Our guest this month is Dr. Pamela Freeman, a new faculty member at the College and our first biologist to share a list with us here!
Favorite or most influential books:
The Big Thirst: The Secret Life and Turbulent Future of Water.
by Charles Fishman
Publication Date: 2012
Water, water, everywhere…. I found this to be an interesting look not at the amount of water on the planet, but what our relationship is to that water and how we manage this resource. We take our freshwater supply for granted and pay pennies compared to its actual value. Fishman makes you think about what you value and will make you look twice at and be appreciative of your local water sources.
The Dog Says How
by Kevin Kling
Call Number: PS3561.L497 Z46 2007
Publication Date: 2007
A great easy read in which Kling demonstrates his unique story telling ability. If you have ever seen one of Kling’s performances, you can easily hear him reading to you. His tales of childhood and adulthood made me laugh out loud and wipe away a few tears.
Handbook of the Canadian Rockies
by Gadd, Ben.
Publication Date: 1996
The handbook is not typically found on a reading list, but this one certainly had an impact on me. This book has come with me on many trips (on the road, trail, and boat) over 20 years and has provided so much information and entertainment that I cannot imagine being without it. Gadd covers a wide range of topics: everything from geology, orienteering, history, and plants (to name a few) to the minutia of different mosquito species found in the Rocky Mountains (there are many!).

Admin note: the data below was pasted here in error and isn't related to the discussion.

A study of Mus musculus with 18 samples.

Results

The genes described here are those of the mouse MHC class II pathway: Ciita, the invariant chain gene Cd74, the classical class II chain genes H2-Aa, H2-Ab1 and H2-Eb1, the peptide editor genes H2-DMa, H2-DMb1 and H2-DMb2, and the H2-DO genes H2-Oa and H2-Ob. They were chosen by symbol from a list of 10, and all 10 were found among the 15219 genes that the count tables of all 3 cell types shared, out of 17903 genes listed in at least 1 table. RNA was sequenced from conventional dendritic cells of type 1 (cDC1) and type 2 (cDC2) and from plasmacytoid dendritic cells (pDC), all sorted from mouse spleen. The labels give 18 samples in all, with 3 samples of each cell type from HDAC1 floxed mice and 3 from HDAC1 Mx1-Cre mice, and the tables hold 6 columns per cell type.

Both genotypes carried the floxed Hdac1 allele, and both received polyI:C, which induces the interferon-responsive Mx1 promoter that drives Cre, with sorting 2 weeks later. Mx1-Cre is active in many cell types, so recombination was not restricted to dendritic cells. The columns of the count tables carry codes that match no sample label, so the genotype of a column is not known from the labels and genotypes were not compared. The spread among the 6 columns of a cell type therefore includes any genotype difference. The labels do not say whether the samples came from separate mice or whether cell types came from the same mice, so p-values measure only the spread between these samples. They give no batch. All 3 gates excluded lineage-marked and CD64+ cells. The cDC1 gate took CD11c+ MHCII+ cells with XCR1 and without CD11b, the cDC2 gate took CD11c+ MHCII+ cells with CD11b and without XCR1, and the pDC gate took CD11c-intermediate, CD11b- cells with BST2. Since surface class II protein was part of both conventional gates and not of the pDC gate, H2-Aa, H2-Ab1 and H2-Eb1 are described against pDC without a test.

The Island Within
by Richard Nelson
Call Number: GN21.N45 A3 1989
Publication Date: 1991
When I first read this book a decade ago, I remember being so impressed with Nelson’s dedication and knowledge of his focal island. He helped me appreciate that there is so much to learn from your local surroundings, no matter what or where they might be. One has to keep one’s eyes open and be receptive to truly appreciate a place. To gain a true sense of place, it may take many years and multiple seasons.
The Man Who Planted Trees
by Jean Giono
Publication Date: 2007
I have always enjoyed this simple French tale about the shepherd who, big surprise, planted trees. It is a quick story that makes you think about what one single person may accomplish.
What are you reading now?
Doug Mock: More Than Kin and Less Than Kind: Evolution of Family Conflict. An academic read that focuses on conflict in the animal kingdom, but also entertaining due to Mock’s wit and great sense of humor. A fun read for anyone with siblings or children of their own.
Kathleen Dean Moore: The Pine Island Paradox. I am just starting to engage with Moore’s series of essays on a new environmental ethic. Looking forward to the book if her prose is anything like her spoken presentations.